I have a wooden raise garden, 4 foot by 8 foot by 24 inches in depth, containing 20 inches of rich soil. The bottom of the raised garden is a foot off the gound. Last spring I introduced into the garden 750 night crawlers I purchased from Uncle Jim's worm farm. I grew tomatoes, squash, onions, radishes and pickles. We left some of the dead leaves on the surface, as well as poked some of them into the soil for the worms to feed on. There are very small holes for drainage in the bottom of the box. I also had a 30% shad netting over the garden to keep the birds out. By the end of fall, all of the worms had disappeared, and I have absolutely no idea why. I have asked the people at Uncle Jim's worm farm the question, as well as other sources and have yet to come up with an answer. I know night crawlers come to the top to feed at night, but like undisturbed soil to burrow in, and the bottom eight to ten inches of soil was not disturbed. Does anyone have any idea what may have happened to the worms?
Hope I can help with this mystery. 'Rich' soil means what in your opinion? Did you have a soil test? Worms need DECOMPOSED ORGANIC MATTER on which to feed. Not live stuff. The decomposers have to decompose the live stuff before that material is edible for nightcrawlers, or earthworms.
Did you use garden soil for this raised bed?
Did you apply any decomposed organic matter at all? These worms HAVE TO HAVE decomposed organic matter or they starve. If you use any bark or chips or anything that was once alive and now dead but NOT decomposed those worms have nothing to eat. Those worm people should know this, how weird.
Next time all you have to do is find DECOMPOSED ORGANIC MATTER, purchase by the bale. Usually not completely decomposed but at least it doesn't come with weed seeds and pesticide residues...which might also be an avenue to consider. Are these beds made with pressure treated wood? That would also kill micro and macro organisms plants need to up take chemicals for photosynthesis.
What else have you added to your soil? Raised beds do not need any structural assist by wood or concrete. To leave your beds ON THE GROUND to drain and create an ecosystem with the sublayers of soil is critical. That is an awful lot of worms with no food and no place to go to have their own families. Grins, but this is kinda sad. Nightcrawlers do not like to burrow into sub soil that is compact. They prefer some tilth for air. They are wonderful for coming up to the surface to eat DECOMPOSED ORGANIC MATTER not UNDECOMPOSED OR FRESH LEAVES...then going back into the soil to poop it out and mix organic material into your soil for you. THAT is the beauty of these macro soil organisms. But you have to FEED them DECOMPOSED organic matter. I buy it by the bale. Don't go to your land fill unless they are able to give you a soil test sheet that tells you there are no pesticide residues in the mulch. Make your own compost or DECOMPOSED organic matter but good luck in making enough of it to top dress your beds at least 2 inches thick and doing this at least a second time preferably a third time during the growing season. Why did you raise your beds above ground? We can discuss further if you send more information about your construction, what soil you have used and what all you've added. Poor worms. But this is how we learn...gardening. Otherwise, worms do not do anything for your crops, not in those numbers certainly. If you supply the food THEY WILL COME to your restaurant!! If your garden soil is part of the bigger picture!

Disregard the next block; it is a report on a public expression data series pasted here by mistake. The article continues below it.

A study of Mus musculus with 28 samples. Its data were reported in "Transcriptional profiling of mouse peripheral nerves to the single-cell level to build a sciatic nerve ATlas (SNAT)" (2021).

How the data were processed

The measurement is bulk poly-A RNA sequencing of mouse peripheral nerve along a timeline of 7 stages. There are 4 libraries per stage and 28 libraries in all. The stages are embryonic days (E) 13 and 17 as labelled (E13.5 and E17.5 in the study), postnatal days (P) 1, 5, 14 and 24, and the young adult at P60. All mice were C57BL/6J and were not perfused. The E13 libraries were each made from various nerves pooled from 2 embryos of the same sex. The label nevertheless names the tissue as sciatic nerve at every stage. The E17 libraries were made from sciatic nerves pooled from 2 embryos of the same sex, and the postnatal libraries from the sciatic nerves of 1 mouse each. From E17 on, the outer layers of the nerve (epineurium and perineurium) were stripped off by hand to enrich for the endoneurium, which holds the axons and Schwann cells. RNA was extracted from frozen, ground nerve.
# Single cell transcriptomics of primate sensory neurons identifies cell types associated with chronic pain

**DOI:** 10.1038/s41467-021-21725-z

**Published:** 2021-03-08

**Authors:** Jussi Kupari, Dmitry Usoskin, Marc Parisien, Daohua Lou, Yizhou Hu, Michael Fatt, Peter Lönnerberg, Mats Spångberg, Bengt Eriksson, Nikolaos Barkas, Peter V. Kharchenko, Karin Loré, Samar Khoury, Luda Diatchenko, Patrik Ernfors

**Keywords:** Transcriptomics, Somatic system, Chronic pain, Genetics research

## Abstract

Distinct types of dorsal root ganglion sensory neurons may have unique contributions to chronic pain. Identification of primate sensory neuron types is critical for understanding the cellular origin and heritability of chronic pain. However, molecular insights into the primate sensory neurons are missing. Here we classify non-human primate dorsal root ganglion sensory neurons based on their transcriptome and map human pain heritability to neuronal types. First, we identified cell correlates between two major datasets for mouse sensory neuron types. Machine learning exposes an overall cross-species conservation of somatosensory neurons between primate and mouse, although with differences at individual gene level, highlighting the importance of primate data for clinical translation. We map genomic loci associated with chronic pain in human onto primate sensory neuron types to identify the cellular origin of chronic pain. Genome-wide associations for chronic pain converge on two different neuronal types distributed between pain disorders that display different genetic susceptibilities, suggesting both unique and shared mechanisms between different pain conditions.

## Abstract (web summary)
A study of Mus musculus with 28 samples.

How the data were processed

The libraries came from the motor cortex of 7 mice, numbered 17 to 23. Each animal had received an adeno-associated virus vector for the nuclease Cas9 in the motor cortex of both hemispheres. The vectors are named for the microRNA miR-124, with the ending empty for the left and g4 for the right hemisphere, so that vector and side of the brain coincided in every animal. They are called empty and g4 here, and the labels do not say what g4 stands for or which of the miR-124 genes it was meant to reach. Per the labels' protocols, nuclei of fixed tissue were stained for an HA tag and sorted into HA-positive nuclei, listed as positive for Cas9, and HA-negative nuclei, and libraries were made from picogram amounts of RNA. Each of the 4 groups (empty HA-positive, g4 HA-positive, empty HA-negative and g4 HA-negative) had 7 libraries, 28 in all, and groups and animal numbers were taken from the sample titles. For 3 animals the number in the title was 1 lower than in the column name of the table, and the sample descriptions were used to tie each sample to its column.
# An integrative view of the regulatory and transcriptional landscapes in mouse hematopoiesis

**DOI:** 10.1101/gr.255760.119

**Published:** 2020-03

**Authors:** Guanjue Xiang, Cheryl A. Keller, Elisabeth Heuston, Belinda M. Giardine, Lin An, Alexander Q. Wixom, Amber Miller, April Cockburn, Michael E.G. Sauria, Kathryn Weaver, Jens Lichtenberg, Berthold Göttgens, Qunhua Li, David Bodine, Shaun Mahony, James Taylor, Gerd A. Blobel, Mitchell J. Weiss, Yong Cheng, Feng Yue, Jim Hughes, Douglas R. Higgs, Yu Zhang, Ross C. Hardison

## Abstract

I'm not sure why you put 750 night crawlers into your raised bed - these worms are usually purchased for fishing bait, or to put in a composting pile or bin. I imagine you thought they might increase the fertility of the soil in your raised bed, but if conditions are suitable, raised off the ground or not, worms will arrive (usually earthworms rather than brandlings, red wrigglers or night crawlers) - but only if they find the conditions amenable.
If you used African night crawlers, they don't like cold temperatures, so would likely have gone before winter, even if they hadn't already departed. Ultimately, there is no point in adding worms to an area such as this, because, if conditions are right, worms will be there, if they're not, they won't. If you live somewhere cold in winter, even earthworms burrow deep down in to the soil to get through the cold temperatures, and only become active nearer the surface once the soil has warmed again. Two feet deep, suspended in the air, likely means no worms will stay all year anyway, unless you don't have cold winters.